Yorkshire Dales Rivers Trust
The Yorkshire Dales Rivers Trust was formed in 2004 with a remit to improve, restore and conserve the rivers Swale, Ure, Wharfe and Nidd whose headwaters lie within the Yorkshire Dales National Park  and the Nidderdale Area of Outstanding Natural Beauty. The trust is a member of the Association of Rivers Trusts which set up as a charity in 2001 to represent member trusts and assist them with conserving river catchments across England and Wales.
The trust's remit is to improve the catchments of the four rivers of interest from the headwaters to the Humber Estuary, starting with the upland sections of the rivers before moving work downstream. Many of the impacts on rivers arise close to the headwaters where annual rainfall is high and topography steep, resulting in rapid movements of water from land to river. This can be exacerbated by changes in land management including upland drainage channels on peat soils and soil compaction of in-bye land from heavy machinery and livestock.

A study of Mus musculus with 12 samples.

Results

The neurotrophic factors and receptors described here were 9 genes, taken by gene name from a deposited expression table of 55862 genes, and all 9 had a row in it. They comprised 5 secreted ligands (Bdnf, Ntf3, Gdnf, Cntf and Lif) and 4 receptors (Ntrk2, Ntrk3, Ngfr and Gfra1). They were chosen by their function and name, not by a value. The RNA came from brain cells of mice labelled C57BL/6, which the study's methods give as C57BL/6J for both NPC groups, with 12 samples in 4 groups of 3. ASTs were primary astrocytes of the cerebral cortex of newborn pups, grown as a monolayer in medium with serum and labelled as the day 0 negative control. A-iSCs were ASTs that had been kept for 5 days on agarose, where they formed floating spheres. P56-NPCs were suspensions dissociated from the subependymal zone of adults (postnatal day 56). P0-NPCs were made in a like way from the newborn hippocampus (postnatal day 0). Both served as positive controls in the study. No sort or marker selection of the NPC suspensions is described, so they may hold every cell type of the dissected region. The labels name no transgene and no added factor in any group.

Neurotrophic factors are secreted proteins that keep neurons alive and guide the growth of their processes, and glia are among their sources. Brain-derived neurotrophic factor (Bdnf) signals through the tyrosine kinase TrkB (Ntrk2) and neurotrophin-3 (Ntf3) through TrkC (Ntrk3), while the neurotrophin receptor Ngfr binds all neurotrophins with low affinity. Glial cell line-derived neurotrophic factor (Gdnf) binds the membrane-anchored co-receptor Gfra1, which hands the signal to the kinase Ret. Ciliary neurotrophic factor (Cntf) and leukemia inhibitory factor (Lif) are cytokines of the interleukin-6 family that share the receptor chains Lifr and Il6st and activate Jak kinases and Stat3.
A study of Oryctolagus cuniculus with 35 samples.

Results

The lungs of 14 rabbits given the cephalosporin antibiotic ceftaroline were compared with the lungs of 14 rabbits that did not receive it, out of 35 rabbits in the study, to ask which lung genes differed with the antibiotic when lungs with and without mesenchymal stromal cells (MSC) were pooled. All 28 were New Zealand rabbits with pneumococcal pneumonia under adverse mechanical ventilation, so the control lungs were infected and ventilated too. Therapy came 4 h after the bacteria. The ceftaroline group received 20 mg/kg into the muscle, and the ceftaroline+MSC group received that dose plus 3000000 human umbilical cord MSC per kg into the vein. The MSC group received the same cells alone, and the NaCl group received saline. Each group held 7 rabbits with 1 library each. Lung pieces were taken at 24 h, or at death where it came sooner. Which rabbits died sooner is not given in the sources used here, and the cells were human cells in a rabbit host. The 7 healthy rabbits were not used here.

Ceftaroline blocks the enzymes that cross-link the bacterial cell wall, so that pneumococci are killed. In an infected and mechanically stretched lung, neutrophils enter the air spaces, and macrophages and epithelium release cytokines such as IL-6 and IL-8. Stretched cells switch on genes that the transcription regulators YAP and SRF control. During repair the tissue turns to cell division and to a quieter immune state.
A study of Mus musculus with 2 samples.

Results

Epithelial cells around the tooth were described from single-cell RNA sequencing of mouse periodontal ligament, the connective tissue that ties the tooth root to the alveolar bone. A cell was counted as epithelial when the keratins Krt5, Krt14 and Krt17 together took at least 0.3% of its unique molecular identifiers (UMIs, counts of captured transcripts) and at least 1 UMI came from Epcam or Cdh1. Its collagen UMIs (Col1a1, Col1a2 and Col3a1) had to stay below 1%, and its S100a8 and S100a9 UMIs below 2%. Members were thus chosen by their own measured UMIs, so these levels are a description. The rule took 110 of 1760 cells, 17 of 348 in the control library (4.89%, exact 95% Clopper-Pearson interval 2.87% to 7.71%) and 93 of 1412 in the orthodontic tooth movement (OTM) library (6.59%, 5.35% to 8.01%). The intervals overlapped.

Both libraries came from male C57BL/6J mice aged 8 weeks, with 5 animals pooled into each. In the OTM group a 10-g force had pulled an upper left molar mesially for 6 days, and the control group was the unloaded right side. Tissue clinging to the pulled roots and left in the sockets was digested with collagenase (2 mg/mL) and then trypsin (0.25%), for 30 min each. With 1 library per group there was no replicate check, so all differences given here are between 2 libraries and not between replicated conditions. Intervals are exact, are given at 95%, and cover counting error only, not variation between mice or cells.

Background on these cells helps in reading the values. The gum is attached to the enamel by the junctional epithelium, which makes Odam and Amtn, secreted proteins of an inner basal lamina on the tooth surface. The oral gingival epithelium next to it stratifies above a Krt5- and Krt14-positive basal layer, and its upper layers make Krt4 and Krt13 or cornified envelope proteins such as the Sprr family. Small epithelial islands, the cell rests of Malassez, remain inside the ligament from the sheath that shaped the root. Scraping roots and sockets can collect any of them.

There is some evidence to suggest that downstream flood events may become more regular and have higher peak flows due to such land management. However, the trust recognises that agricultural change has been driven by national and international economic drivers which have encouraged intensification, and that farmers are not at fault when it comes to river degradation. The trust works directly with the farming community to try to identify win-win situations that can both improve the condition of river ecology whilst reducing farming costs or saving time. A simple example of this is rerouting clean rain water from slurry stores. This can save irrigation and spreading costs, allowing farmers to utilise animal fertilisers more efficiently and so improve crop yields and reduce runoff to rivers and diffuse pollution. The Association of Rivers Trusts has assisted with this work through the PINPOINT project  which, through funding from the Catchment Sensitive Farming Delivery Initiative, has provided training in delivering farm advice.
Measures such as gill planting (planting woodlands on gill or clough uplands) or blocking upland drainage channels have helped reduce impacts on rivers by slowing flow rates and decreasing sediment and nutrient loadings. The trust also works with farmers and uses modelling tools such as SCIMAP to identify the most risky locations of a river catchment in terms of diffuse pollution delivery. This helps targeting of resources and allows river restoration to occur in the most needed locations. Over the next few years work will continue on projects including Catchment Sensitive Farming Schemes and salmon restoration projects.